Branford Marsalis: Confident MF Playin’ Tunes

By Published: December 10, 2012
"It's the way I always envisioned it," he says with satisfaction. "It's the way we tried to be. I feel fortunate."

That speaks volumes, coming from a man who has recorded prolifically since bursting on the jazz scene in the 1980s in high-profile gigs that included Art Blakey's Jazz Messengers and performances with Herbie Hancock where the rhythm section was classic Miles Davis, with Ron Carter on bass and Tony Williams on drums. He's also been a sideman on countless studio albums over the years and performed live with an array of artists that would be the envy of many musicians. In 2002, he founded his own record label, Marsalis Music, which has produced records by Miguel Zenon, Claudia Acuna, Harry Connick, Jr. and Jimmy Cobb, among others including his own. The sideman gigs, however, are now few and far between.

"It's not really a policy that I don't do sideman shit anymore. But you have to ask yourself sometimes why they want me on there," he says. "I'll give you an example. I got a call to do a record with a prominent guy. I said I'd be happy to do the record under the condition that you can't put my name on a sticker on the front of the cover. Two days later, they called me back and said, 'No thanks. We pass.' Think about how short- sighted the mindset was. I worked for Columbia Records. You cannot find me one smidgen of evidence that supports the idea that putting Ron Carter's name on a sticker increases sales. They do it anyway. They're driven by strategies that don't work."

As is his candid nature, Marsalis even criticized his own label when strategies were being planned for Songs of Mirth and Melancholy, the fine duet album that he and Calderazzo put out in 2011.

"People in the company started talking about a marketing plan. In jazz, that shit is ridiculous. Fucking marketing plan? For what? The marketing plan is rob a bank and then put the advertisement in Newsweek and Time magazines, consecutively. And then somebody might buy the fucker. Otherwise, we're playing for our aficionados and to our aficionados. I thought the best marketing plan we could have for the duo record, once I heard the shit, was that record itself. Because it's going to the kind of record that people will continue to like and enjoy and buy. So let's do like Kind of Blue. Let's give it a 15-year window. ... Let's just play it. We've done some [duo] gigs in the U.S. We've done some gigs in Europe. People find out about it, and more people call [asking for it], especially in Europe. The European populace has a knack for melody that goes beyond even the musicians that are playing now. The musicians that are playing now are in that overly complicated harmolodic phase. Countries like Germany and France, where they have classical traditions, they enjoy it."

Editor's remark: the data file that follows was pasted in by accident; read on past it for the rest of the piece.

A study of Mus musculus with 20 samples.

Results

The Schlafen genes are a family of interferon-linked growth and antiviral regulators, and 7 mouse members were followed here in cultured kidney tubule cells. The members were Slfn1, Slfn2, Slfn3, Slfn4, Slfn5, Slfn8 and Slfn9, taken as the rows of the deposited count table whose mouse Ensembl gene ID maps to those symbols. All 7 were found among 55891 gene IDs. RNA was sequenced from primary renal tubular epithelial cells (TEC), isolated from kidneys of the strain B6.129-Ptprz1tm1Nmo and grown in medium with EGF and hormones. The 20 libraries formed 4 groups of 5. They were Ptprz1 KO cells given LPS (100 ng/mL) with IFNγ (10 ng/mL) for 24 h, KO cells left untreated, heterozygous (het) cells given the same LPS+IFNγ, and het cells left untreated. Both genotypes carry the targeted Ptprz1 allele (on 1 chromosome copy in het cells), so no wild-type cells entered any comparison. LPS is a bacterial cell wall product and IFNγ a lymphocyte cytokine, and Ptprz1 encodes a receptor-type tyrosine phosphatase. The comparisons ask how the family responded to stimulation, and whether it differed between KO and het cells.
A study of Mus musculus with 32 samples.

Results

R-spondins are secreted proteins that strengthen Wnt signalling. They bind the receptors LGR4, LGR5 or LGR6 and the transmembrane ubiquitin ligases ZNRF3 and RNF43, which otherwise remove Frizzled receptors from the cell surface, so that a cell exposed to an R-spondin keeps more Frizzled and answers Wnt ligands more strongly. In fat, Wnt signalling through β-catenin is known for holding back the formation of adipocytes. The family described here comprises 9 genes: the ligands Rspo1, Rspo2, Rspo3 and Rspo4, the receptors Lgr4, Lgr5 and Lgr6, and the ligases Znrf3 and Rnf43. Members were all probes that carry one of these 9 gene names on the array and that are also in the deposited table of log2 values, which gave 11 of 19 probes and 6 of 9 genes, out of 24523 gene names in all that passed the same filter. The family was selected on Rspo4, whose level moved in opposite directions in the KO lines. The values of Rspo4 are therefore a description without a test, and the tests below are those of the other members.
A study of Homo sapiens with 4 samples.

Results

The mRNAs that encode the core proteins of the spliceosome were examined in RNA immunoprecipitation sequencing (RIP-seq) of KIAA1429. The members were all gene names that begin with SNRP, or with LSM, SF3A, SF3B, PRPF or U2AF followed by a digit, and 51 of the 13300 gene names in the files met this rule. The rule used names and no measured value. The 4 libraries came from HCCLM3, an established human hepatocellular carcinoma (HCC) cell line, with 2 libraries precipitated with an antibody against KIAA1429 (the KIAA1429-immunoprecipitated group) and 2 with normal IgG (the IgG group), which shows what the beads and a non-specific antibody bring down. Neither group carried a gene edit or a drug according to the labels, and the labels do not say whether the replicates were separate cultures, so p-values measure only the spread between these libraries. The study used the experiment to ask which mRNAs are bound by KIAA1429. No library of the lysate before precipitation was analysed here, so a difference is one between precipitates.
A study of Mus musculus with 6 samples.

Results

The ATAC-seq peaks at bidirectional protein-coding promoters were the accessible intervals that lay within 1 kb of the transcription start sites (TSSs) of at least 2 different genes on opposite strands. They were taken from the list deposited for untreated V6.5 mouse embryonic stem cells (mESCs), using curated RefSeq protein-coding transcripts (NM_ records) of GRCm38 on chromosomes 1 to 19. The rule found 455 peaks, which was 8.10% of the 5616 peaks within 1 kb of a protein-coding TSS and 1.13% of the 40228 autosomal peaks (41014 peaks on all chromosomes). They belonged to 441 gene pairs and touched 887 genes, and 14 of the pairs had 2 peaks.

Despite statements that may appear hard line, there isn't a line in the sand. That's not his point. Marsalis is frank. But there's no venom. In fact, there's far more humor than there is grave concern. He doesn't alter the fact that there are some things in the music business and on the music scene that irk him. But these days, they roll off his back. He has his family, and a cool life in North Carolina, that keeps him grounded. Live and let live.

"It used to bother me," he says of issues in the jazz world. "Joey and I often talk and complain about shit we hear. We complain about it, but talking about them is not going to make us better. If [other musicians'] goal is to get better, then they'll hear the shit we're talking about. If they don't hear it, OK. They hear it or they don't. To use a sports analogy, the guys who are often in first place are often in first place for a reason that has nothing to do with practicing hard, because they all practice hard. Where sports and music are similar is there are two things you have to have to do this shit well—or just about any job well. You have to have cognition and intuition. In order to have intuition, you have to have cognition first. The cognition is the hardest part to get.